Why Did the United States Enter World War I?

Why Did the US Enter World War 1?

World War I was a global conflict that began in the eastern European nations of Austria-Hungary and Serbia and expanded to include the countries of France, Germany, Great Britain, Italy and the United States, among other smaller nations. The participation of the United States in the war was a deciding factory in an Allied victory.

1 Why Did We Have World War I?

World War I was a conflict that had been brewing for some time, but the official inciting incident that led to the declaration of war was the assassination of Austro-Hungarian Archduke Franz Ferdinand by a student terrorist who was part of the Young Bosnia organization. Bosnia had been under Austro-Hungarian rule, and Bosnia and Herzegovina wanted to be part of Serbia.

The assassination and Austria-Hungary's subsequent response led to armed conflict because of Russia's mutual defense alliance with Serbia. Russia and Serbia had an agreement to defend one another if either country was attacked, and thus the Austro-Hungarian attack on Serbia was met with retaliation by Russia. For its part, Germany and Austria-Hungary had a similar arrangement, so when Russia attacked Austria-Hungary, Germany was pulled into the conflict.

France was then pulled in because of its alliance with Russia. Germany then retaliated against France, pulling Britain, and eventually Japan, into the war. Other causes that had fomented discontent in the described regions were imperialism and contested ownership and access to resources in countries in the Far East and Africa.

2 Why Did the United States Decide to Enter World War I?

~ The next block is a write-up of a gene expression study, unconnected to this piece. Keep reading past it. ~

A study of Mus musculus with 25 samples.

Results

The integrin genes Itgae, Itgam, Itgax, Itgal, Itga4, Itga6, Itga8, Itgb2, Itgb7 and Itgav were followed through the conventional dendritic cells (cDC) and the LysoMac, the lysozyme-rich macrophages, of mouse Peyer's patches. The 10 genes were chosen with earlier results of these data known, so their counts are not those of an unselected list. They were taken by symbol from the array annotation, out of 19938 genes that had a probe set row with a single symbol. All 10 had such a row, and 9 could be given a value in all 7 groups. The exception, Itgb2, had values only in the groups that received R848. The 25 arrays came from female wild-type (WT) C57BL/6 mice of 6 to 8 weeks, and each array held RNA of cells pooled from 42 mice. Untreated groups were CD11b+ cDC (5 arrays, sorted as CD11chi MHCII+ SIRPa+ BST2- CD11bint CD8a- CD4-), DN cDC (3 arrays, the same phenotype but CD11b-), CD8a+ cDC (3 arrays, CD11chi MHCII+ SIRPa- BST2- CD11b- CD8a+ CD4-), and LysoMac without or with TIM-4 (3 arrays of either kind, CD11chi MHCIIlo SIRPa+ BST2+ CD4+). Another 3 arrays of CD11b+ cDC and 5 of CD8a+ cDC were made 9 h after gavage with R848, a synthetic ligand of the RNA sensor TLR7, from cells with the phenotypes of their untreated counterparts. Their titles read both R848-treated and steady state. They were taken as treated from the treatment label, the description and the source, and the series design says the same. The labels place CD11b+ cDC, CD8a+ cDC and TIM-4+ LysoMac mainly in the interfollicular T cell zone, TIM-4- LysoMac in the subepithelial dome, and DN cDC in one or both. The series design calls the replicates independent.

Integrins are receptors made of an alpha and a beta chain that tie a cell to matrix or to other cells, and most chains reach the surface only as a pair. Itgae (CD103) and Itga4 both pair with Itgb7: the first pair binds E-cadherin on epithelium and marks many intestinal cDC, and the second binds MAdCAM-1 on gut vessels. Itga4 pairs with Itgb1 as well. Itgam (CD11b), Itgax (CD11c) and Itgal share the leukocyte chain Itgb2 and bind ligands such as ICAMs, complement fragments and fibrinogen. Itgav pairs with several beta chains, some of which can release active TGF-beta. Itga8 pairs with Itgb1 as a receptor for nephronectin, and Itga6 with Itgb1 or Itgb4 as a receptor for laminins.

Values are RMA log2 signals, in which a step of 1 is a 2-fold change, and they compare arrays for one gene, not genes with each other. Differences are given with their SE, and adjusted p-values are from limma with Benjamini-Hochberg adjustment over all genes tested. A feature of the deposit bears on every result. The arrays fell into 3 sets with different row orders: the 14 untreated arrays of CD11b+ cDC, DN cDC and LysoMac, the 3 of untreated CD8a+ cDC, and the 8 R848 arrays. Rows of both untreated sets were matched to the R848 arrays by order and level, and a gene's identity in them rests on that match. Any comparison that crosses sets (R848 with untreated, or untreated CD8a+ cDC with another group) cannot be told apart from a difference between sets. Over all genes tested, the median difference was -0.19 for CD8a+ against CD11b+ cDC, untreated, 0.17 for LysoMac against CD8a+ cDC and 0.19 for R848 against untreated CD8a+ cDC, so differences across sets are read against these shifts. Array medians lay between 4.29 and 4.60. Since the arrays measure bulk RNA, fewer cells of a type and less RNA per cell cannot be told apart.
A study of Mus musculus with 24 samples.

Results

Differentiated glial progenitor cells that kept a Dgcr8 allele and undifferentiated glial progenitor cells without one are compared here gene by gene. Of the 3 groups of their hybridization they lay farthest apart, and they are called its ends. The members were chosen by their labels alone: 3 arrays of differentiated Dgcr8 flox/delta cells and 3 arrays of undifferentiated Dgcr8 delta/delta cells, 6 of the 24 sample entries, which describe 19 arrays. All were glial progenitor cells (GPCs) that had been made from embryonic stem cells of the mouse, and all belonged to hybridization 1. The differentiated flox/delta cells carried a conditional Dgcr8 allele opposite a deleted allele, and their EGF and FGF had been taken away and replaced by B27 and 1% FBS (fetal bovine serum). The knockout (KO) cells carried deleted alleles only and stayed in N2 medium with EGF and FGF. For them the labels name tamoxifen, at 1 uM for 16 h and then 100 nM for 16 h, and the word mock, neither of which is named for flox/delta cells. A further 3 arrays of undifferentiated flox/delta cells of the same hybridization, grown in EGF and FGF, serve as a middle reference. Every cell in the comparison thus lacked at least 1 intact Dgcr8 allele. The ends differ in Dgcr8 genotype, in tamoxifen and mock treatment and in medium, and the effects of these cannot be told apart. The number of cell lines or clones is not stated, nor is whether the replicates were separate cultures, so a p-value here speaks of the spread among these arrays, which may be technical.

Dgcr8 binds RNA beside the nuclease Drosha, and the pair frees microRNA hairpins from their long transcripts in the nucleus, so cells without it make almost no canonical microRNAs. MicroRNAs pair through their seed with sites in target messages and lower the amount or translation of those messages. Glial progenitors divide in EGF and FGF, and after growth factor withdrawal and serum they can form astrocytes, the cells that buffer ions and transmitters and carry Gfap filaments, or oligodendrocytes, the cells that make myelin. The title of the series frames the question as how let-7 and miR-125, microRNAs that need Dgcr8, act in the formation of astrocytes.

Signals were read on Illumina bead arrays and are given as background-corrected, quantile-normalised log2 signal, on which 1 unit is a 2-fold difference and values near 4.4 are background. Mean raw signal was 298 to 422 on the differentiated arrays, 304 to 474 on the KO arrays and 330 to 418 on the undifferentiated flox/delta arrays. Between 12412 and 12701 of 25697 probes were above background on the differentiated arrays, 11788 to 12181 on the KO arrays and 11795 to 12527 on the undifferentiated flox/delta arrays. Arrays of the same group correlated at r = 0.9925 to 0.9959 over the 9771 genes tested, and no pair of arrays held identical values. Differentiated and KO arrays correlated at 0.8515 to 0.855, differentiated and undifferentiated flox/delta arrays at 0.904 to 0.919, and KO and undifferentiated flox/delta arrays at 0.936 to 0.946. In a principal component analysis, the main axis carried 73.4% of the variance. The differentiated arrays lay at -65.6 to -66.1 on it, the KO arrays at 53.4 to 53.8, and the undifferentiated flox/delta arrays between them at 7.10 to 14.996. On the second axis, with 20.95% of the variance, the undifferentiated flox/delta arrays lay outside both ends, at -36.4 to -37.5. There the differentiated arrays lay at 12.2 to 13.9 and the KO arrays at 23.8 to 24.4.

Initially, after the outbreak of conflict in Europe in 1914, the United States, which didn't have a mutual defense alliance agreement with the countries in question, had vowed to stay neutral. This was a popular sentiment in the United States, a nation that wasn't eager to enter a global conflict. However, Great Britain was a close trading partner of the United States, and when Germany began to attack nonmilitary ships around the British Isles, the United States began to pay attention to what was happening and warned Germany that any attack on nonmilitary ships in the region could bring about retaliation from the United States. While Germany stated that they'd ensure passenger protection before launching any attacks, they struck a number of ocean liners and sank a number of U.S.-owned merchant ships. After this transgression, the United States entered the conflict. The United States had a formidable army and its military power was a decisive factor in an Allied victory.

3 What Happened After World War I Ended?

In the aftermath of Germany's surrender in 1918, there were numerous political and social changes. The Treaty of Versailles, signed after the close of the war, required several countries to make reparations to other nations as well as provisions for the governance and economic future of contested parts of Europe.

Among the most critical were circumstances in Germany – which had been decimated by the conflict – that led to the rise of Hitler and the second world war. An uneasy democracy, a tremendous loss of population and a chaotic political landscape created tension in Germany and left a vacuum in leadership, allowing for the rise to power of the far right wing National Socialist German Workers Party, aka the Nazis. What the Germans perceived as humiliations stemming from the circumstances of the Treaty of Versailles were used as fodder by the Nazis to convince the nation that they were being abused and kept from power that was rightfully theirs.

Great Britain had been crippled economically, but reparations helped to ameliorate the damage to the nation's wealth. Socially, though, the war had been devastating to the citizens. Austria-Hungary declared their division into two separate nations and exiled the Habsburg family. Bosnia, Serbia, Herzegovina and other allied nations formed Yugoslavia.

Ashley Friedman is a freelance writer with experience writing about education for a variety of organizations and educational institutions as well as online media sites.